Initiated by the Russian Ministry of Culture, the first Russian state-run institution for contemporary art was established in Moscow in 1994.
Before 2001, the NCCA occupied a small building in Vorotnikov Lane. Despite its modest size, the center managed to become quite a dynamic institution. The NCCA implemented a wide range of exhibition projects and created a national network: the Saint Petersburg Branch was opened in 1995, the Nizhny Novgorod and Kaliningrad Branches in 1997, the Yekaterinburg Branch in 1999, the Vladikavkaz Branch in 2010 and the Tomsk Branch in 2012.
It is an original and essential tool to support the creation, regional cultural development and public awareness of contemporary art. Display of works, their touring and presentation through exhibitions, visibility through publications contribute to the dissemination of Russian contemporary culture in the territory of the Federation of Russia.
The overarching aim of the network is to promote Contemporary Culture and to become more “visible, viable and valued” according to the following mission and goals:
- Support the development, promotion and popularization of contemporary art for the benefit of individuals and society.
- Create a favorable environment for the development of Russian contemporary art.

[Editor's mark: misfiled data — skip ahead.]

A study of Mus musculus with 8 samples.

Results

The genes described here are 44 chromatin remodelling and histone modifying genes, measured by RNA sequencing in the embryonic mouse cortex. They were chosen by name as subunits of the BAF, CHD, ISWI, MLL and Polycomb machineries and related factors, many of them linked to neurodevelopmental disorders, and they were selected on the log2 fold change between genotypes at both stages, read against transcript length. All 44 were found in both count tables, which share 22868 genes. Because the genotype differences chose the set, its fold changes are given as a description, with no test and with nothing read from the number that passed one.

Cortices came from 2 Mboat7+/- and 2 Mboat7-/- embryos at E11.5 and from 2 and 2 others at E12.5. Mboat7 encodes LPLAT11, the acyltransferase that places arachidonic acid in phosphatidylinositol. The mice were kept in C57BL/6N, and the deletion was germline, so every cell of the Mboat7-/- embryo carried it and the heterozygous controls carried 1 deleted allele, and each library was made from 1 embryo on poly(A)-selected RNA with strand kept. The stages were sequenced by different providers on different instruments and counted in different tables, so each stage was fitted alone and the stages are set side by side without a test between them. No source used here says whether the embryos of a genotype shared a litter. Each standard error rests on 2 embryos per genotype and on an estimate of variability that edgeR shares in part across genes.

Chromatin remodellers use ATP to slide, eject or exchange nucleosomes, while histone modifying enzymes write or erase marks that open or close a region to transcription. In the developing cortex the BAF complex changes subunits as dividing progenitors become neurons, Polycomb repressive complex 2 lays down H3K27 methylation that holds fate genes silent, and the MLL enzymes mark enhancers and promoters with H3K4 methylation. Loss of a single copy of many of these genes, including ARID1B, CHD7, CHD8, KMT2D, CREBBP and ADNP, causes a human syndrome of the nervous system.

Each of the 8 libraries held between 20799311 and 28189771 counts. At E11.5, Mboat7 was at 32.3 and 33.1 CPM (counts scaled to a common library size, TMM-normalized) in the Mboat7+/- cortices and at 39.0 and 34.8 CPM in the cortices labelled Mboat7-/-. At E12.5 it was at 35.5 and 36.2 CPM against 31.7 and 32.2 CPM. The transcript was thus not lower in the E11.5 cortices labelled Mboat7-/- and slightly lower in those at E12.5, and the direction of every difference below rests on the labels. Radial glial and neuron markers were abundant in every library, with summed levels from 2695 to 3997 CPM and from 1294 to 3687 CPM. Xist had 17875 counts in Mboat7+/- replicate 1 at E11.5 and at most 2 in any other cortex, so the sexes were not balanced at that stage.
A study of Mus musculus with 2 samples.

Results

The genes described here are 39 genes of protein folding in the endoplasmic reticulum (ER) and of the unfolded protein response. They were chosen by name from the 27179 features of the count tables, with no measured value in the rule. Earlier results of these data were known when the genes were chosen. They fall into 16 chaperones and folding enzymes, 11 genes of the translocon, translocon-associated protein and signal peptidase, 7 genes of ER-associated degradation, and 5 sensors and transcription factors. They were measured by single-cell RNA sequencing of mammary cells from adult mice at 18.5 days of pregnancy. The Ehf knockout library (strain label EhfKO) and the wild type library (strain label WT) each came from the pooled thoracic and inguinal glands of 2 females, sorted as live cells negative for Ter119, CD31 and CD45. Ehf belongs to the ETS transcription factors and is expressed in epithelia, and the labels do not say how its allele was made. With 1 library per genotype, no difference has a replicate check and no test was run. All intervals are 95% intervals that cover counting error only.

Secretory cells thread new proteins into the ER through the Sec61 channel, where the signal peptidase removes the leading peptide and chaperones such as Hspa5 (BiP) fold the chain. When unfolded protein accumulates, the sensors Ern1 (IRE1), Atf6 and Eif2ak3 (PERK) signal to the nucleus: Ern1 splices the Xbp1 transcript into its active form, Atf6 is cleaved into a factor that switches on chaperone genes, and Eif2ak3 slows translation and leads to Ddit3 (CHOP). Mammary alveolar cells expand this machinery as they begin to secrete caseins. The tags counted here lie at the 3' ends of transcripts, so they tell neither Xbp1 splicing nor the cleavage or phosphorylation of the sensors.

- Integrate Russian contemporary art in an international cultural context.
- Develop a platform for cooperation with local and international institutions, artists, curators, theorists and critics and other experts in the field of contemporary art.
- Sustain interest in contemporary art as a prerequisite for improving the quality of life and development of a modern civil society.
A new building for the NCCA Moscow by Heneghan Peng Architects
On July 24, 2013 the Minister of Culture of the Russian Federation, Vladimir Medinsky, announced the start of international contest to design the new museum and exhibition complex of the National Centre for Contemporary Art.
The contest has been running 6 months and was held in three stages.
Over 900 companies and individuals attended the first stage of the contests. By the end of the first stage (20 August - 20 September), the jury had chosen 10 candidates: five participants were selected after portfolio and experience review and five companies were selected after preliminary architectural concept assessment. 3 finalists were chosen in December 12 and on December 23 2013 the Board of Trustees made the final choice by selecting Heneghan Peng Architects to design the new National Centre for Contemporary Arts (NCCA) at Moscow's Khodynskoe Pole.